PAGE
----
June 2009 | Home
One night during the Great Depression, police stormed U-M's fraternities.
Wolverines romp through the NCAA tournaments.
A U-M expert's advice for comfort, performance and injury prevention.
You can do the cha-cha on a choo-choo to Walla Walla.
How did D.W. Griffith's film become a recruiting tool for the Ku Klux Klan?
An online magazine for alumni and friends of U-M.
June 10, 2009
Michigan's unequaled football tradition is well known—from the records for wins and winning percentage to the helmet, the banner and the Big House. No football team in any conference has won more league titles than Michigan's 42.
The hockey team's nine NCAA titles put the Wolverines on top of that heap, too, and the men's basketball team hasn't done too shabbily either, with six Final Fours and a national title.
These feats have been widely celebrated—but what distinguishes the Michigan athletic department is the performance of the non-revenue or Olympic sports. The fact that these teams don't generate the kind of profits or attention that football, basketball and hockey do hasn't stopped them from excelling—from the dawn of the Big Ten to the present.
Michigan teams have won 52 national titles, more than any other Big Ten school. The men have won 266 conference crowns—far surpassing runner-up Illinois's 209—and the women have been even more dominant, taking 77 Big Ten titles, more than twice as many as second-place Wisconsin's 38.
The Wolverines lead the Big Ten in conference titles in fully half of the league's twelve men's sports, and five of the 13 women's. This explains why the Big Ten does not give out an "All-Around" trophy, a la the nationwide Directors' Cup: Because Michigan would win it almost every year, and the engraver would get cramps from pounding out the same letters again and again.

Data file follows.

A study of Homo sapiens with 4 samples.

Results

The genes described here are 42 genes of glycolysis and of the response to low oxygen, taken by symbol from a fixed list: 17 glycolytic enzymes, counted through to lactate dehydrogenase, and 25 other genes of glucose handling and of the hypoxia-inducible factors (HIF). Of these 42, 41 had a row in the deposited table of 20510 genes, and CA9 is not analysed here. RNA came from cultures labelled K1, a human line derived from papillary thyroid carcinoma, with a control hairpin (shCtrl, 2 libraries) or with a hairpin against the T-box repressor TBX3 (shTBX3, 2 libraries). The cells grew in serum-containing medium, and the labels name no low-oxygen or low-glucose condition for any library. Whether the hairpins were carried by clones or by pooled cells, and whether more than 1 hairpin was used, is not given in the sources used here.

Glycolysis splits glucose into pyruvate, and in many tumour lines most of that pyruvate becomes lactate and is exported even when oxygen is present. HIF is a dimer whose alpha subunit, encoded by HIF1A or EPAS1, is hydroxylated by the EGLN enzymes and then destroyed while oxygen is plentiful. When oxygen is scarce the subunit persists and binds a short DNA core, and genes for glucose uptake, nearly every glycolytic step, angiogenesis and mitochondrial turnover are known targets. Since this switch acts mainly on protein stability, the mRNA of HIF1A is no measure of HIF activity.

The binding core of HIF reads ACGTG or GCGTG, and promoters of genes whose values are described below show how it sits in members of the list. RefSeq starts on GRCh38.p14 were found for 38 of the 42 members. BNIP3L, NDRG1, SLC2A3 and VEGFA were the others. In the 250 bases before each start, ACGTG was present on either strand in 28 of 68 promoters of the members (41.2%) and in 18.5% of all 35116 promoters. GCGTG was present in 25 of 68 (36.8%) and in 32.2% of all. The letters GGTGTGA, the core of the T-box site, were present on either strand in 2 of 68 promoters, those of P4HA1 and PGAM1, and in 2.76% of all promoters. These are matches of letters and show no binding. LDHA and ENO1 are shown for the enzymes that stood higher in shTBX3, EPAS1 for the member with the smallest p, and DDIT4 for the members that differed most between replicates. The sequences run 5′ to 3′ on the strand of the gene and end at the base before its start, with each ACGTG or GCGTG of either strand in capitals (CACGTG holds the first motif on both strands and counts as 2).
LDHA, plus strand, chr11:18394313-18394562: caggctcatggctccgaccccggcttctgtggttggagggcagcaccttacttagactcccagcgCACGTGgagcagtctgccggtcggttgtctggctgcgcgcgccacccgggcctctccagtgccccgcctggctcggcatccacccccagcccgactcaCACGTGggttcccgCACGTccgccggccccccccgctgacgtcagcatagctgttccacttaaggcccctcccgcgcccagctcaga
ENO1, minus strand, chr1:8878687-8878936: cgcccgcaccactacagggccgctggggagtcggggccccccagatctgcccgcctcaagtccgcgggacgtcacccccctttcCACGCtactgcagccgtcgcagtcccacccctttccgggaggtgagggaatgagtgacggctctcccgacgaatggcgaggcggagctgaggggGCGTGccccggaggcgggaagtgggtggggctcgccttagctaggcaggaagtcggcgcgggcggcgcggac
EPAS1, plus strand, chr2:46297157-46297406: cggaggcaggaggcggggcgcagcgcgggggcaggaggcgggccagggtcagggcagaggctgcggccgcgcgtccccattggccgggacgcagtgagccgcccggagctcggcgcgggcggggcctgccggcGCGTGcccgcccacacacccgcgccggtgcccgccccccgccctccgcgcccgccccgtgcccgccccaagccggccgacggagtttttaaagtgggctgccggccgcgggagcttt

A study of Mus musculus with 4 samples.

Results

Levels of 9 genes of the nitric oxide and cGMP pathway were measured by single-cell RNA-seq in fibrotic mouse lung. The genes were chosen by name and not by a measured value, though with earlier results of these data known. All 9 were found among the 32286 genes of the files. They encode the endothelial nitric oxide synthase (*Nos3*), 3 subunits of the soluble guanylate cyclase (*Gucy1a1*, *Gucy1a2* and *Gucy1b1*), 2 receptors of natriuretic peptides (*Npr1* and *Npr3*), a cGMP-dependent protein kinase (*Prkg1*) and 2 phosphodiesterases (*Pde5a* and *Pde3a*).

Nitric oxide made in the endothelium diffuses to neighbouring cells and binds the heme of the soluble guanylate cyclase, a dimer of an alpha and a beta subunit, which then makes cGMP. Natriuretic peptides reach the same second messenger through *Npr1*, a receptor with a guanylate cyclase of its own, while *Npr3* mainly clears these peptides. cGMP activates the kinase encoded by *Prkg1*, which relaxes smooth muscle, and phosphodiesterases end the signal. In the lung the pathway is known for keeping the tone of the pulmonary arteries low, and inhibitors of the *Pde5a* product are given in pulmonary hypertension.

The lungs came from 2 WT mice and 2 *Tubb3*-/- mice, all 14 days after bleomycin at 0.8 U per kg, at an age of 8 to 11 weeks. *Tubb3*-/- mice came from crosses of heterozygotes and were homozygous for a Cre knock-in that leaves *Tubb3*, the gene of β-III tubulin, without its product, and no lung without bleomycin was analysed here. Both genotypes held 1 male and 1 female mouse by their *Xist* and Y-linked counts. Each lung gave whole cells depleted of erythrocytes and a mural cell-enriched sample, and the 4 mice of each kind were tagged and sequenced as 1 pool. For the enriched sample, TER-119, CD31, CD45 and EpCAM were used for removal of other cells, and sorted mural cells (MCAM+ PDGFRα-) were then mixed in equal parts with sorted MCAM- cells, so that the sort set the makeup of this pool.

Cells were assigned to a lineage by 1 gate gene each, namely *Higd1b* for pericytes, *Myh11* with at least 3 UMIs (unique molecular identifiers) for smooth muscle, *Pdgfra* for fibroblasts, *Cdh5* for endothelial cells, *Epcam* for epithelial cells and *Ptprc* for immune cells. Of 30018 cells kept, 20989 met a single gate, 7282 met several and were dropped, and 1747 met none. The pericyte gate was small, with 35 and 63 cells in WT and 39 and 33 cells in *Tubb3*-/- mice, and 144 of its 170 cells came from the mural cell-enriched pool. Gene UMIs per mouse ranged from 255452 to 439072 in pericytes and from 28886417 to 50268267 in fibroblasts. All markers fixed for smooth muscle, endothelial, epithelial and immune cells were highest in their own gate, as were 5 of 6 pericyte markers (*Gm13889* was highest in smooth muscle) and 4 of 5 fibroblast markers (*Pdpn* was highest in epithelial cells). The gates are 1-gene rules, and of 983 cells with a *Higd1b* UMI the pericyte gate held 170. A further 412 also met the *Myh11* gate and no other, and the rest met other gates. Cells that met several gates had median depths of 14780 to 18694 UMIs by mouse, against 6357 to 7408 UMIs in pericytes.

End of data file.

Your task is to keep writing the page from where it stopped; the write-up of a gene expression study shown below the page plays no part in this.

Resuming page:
This year Michigan squads in softball, men's golf and men's club lacrosse took national honors. Wrestler Steve Luke added an NCAA championship to Michigan's 280 individual titles, track stars Tiffany Ofili and Geena Gall won three more, while Tyler Clary, Alex Venderkaay and Emily Brunemann all won NCAA swimming titles.
What makes this more impressive is the purity of the pursuit. The university has no tangible motive to strive in these sports, beyond the basic desire to be the best. Likewise, many of these athletes receive only partial scholarships, if they even get that—and there are usually no professional contracts waiting for them when they're done. Yet the coaches and athletes knock themselves out to make their mark for themselves, their team and their school, no less so than their more famous friends on the football, basketball and hockey teams.
For those who believe the ideal of the student-athlete is being crushed under the weight of national media attention and rampant professionalism, these teams and athletes might come as a welcome tonic.